I built 3 hive traps for WSU's hives, and Dr. Chris Looney picked them up, and as I now understand, they have been installed in strategic locations near where recent sightings and captures of the AGH have occurred, generally in the Custer area, west of Bellingham. They are part of a multi-prong attempt to bait at least one live worker specimen of the AGH before winter closes in. Last year's single known hive attack, at Ted McFall's hive, happened in November. Which to me seems late for an insect to still be feeding larva, and hoping to make reproductive- including actual mating during our wettest and windiest month- but apparently this insect like's it this way. Reminds it of Hokkaido.
I volunteered to make this small batch of traps, as.Dr Looney asked for them, to augment other scent and pheromone based bottle traps the state is experimenting with. This trap, of course, does right on a hive, and uses the best bait of all- an actual bee colony. It's based on trap designs tried and true- dating back to the 50s (I think) in Japan. However, it still hasn't trapped a single AGH- so still awaits a claim to legitimacy. If the hornet proves to not be a threat, and to not have survived, or is destroyed- then I am planning on preparing plans to convert these to bird feeders.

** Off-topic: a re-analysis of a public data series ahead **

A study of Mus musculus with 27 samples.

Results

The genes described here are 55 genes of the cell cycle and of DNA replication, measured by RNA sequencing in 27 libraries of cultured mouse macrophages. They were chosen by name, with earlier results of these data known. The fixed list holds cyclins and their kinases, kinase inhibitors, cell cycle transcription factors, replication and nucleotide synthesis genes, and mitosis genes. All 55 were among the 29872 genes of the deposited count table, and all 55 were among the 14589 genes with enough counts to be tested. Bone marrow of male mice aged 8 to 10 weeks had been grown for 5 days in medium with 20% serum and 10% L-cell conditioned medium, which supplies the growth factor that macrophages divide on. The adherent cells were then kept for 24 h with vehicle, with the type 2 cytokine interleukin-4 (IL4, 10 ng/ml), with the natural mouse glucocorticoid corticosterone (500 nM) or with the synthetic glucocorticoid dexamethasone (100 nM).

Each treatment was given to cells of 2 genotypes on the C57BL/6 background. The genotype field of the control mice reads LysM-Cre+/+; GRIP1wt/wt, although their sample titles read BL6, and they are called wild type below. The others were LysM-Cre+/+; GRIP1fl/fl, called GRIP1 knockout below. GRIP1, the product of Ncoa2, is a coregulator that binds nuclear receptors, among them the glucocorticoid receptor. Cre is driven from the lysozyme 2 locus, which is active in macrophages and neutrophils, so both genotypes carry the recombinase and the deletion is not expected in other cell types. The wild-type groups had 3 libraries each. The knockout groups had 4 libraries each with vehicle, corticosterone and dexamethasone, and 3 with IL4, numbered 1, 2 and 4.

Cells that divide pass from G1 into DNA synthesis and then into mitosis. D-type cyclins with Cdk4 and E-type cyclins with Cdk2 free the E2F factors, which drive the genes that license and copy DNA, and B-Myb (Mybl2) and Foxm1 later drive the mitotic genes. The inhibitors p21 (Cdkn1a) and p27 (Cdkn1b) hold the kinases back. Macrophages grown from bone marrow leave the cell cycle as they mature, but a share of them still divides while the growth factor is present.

Below is the morning of completion-with three traps laid out. I think that makes 20 or so that I have built, and another 5 or so prototypes. I timed myself on this last round, and I believe it took 45 minutes per trap. That's going without stopping- and having everything laid out, but not cut. I have a system now- written out, should anyone in the future think they need to build more than one trap at a time- I'd be glad to send it.
This is one of my apple trees- a Gala- and my old F150 truck and long term companion of 25 years, bought when I thought it was a "big" truck- but it could pretty much fit in the bed of any of my neighbor's trucks these days. Great for hauling hives and equipment.